Mícheál Ó Súilleabháin’s Example Will Continue to Inspire
It’s almost exactly two years since I last met Mícheál Ó Súilleabháin. On 3 November 2016, just after his retirement from the University of Limerick, we had arranged to meet at his house in Newport, Co. Tipperary. I wanted to interview him for the Journal of Music and talk to him about his life and music, how he viewed all the changes in Irish music that he had seen, and how he viewed his own place in that.
It was, however, also just a chance to meet and talk. Our paths had crossed many times over the preceding 25 years, but we had never had the opportunity to discuss our common interests in any detail.
We spoke for two hours over tea in his kitchen, beginning with his childhood and travelling right through his life up to his retirement, and I tried to understand how he had managed to cause such huge change in traditional music, bringing this art form into the confines of third-level education, finding a common language that made sense to all. It was clear that the educational leap in his own life was significant – he was the first in his family to go to third-level, and then, as a student at UCC, he walked ‘right into the forcefield of Fleischmann and Ó Riada’.
In the mid-70s, he became a lecturer there and set about a transformation of the status of Irish traditional music in education that continues to have repercussions to this day. The key, he told me, in the world of academic politics, was to find a precedent. While he got stuck into developing the curriculum, Ó Súilleabháin made a concurrent argument to the university authorities that they were hiring native speakers for the language department, so why couldn’t they hire traditional musicians to teach Irish traditional music?
He was successful, and Connie O’Connell started teaching fiddle there, and by the mid-80s, he had managed to convince the authorities to develop the entrance procedures so that young traditional musicians could start doing music degrees too. Thus began a far-reaching cultural shift in Irish music. In 1994, Ó Súilleabháin established the Irish World Music Centre at the University of Limerick, later the Irish World Academy of Music and Dance, which advanced his vision even further, giving increased numbers of students the opportunity to do an entire degree, Master’s degree and PhD in Irish traditional music.
Ó Súilleabháin’s gifts as a communicator brought him into the field of broadcasting and in 1995 he presented the River of Sound television series, subtitled The Changing Course of Irish Traditional Music. His ability to parse the many aspects of traditional music was inspired, but there was controversy too because the programmes emphasised music that was particularly adventurous. In a talk at the Crossroads Conference a year later, Ó Súilleabháin explained his ideas – ‘tradition is change’, he said, and we were witnessing ‘something new emerging’. This is obvious to us now, but in the fast-changing Ireland of the 1990s, it was not the popular thing to say.
His contribution did come to be deeply valued as more and more traditional musicians had the opportunity to study at third-level, and in 2011 he received the TG4 Gradam Aitheantais/Special Recognition Award. It was an important moment. At the announcement in Galway City Museum, when his name was read out, he was standing at the back and simply raised a glass, smiled and nodded to all around.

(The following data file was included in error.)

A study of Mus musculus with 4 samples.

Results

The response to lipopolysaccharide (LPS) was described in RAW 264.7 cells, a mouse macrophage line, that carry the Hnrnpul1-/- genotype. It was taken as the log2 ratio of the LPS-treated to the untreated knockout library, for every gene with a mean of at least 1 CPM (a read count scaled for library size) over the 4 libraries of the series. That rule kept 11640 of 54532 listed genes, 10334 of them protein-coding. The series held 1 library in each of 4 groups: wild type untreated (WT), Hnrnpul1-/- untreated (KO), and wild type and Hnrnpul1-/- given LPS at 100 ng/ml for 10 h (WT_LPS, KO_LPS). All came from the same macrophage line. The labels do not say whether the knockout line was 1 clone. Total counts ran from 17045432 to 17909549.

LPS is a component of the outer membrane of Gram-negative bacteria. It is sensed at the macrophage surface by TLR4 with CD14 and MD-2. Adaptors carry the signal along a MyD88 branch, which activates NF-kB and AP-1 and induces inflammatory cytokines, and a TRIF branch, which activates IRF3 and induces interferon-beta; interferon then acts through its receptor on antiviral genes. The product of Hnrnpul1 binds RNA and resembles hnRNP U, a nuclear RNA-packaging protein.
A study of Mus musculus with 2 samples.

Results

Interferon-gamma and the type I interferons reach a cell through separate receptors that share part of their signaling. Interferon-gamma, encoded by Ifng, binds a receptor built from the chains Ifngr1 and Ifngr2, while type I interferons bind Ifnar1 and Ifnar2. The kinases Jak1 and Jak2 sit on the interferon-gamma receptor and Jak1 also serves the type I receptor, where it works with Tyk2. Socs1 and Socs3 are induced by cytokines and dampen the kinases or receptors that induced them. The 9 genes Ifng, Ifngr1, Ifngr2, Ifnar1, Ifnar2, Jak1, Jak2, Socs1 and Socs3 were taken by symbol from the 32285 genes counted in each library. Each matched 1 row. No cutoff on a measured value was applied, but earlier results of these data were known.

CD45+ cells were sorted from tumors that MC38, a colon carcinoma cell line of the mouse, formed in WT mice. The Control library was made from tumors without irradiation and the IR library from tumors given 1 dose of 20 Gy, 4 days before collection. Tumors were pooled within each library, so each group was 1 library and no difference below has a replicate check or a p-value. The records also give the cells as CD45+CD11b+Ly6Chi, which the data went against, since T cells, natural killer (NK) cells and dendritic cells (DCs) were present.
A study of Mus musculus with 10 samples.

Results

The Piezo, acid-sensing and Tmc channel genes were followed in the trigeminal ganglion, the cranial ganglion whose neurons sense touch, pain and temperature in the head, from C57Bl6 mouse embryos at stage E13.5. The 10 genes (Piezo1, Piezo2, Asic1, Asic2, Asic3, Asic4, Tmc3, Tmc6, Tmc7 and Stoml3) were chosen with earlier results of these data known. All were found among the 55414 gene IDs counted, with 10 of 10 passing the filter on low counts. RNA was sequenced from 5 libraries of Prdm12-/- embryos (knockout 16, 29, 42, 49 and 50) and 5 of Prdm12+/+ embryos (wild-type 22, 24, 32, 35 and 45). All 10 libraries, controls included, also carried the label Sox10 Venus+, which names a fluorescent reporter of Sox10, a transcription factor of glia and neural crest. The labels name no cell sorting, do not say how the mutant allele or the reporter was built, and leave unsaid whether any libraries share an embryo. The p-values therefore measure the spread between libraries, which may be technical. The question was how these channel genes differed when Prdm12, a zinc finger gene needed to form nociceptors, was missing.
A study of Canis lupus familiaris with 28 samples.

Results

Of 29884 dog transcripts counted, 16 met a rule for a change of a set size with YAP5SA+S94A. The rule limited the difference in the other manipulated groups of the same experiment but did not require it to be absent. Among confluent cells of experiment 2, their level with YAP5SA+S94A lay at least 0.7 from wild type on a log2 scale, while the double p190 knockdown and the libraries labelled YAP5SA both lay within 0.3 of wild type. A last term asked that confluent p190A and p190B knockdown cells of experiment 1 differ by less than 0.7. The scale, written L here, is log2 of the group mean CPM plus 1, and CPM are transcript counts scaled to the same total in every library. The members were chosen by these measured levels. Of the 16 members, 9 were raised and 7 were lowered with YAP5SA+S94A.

Ó Suilleabháin’s own music was inspired by Ó Riada, and from his first encounters with the composer in the 60s, he began to ‘relish the adrenalin rush in the energy field between… the classical and the traditional.’ In 2016, he was still ‘obsessed with resolving it’, but was also enjoying writing new types of work for orchestra. His music used traditional and original melodies, often played by Ó Súilleabháin on piano or by traditional musicians, with orchestra, and perhaps one of his finest recordings is Oileán/Island from 1989. His pieces Woodbrook and (Must Be More) Crispy also brought him wide recognition.
His skill and influence as a piano player was also significant. He developed a style of playing traditional tunes on the piano that was new, with incredible dexterity in his ability to play traditional ornaments. The Dolphin’s Way from 1987 was a groundbreaking recording – also featuring his long-time collaborator Mel Mercier – and contained Ó Súilleabháin’s trademark piece Oíche Nollag/Christmas Eve, which moves between classical, traditional and jazz.
The last time I was in contact with Mícheál was in the autumn of 2017, shortly after his performance with the RTÉ National Symphony Orchestra. He was invigorated by the whole experience, and said it ‘released something in myself that I am currently negotiating with in terms of some new writing.’ He always seemed to have new plans in mind, whether music or research projects. The same year, he was awarded an honorary Doctor of Music degree by the Royal Conservatoire of Scotland.
Ó Súilleabháin was a doer and a visionary, an exceptional musician, composer and educator who changed Irish music for the better, right at the heart of its structures, through determination, energy and an enduring sense of good will. Whenever we think we cannot overcome some great challenge in our artistic and musical life, we will always be able to look to his extraordinary example. Ar dheis Dé go raibh a anam.
Published on 8 November 2018
Toner Quinn is editor of the Journal of Music.
Toner Quinn is editor of the Journal of Music.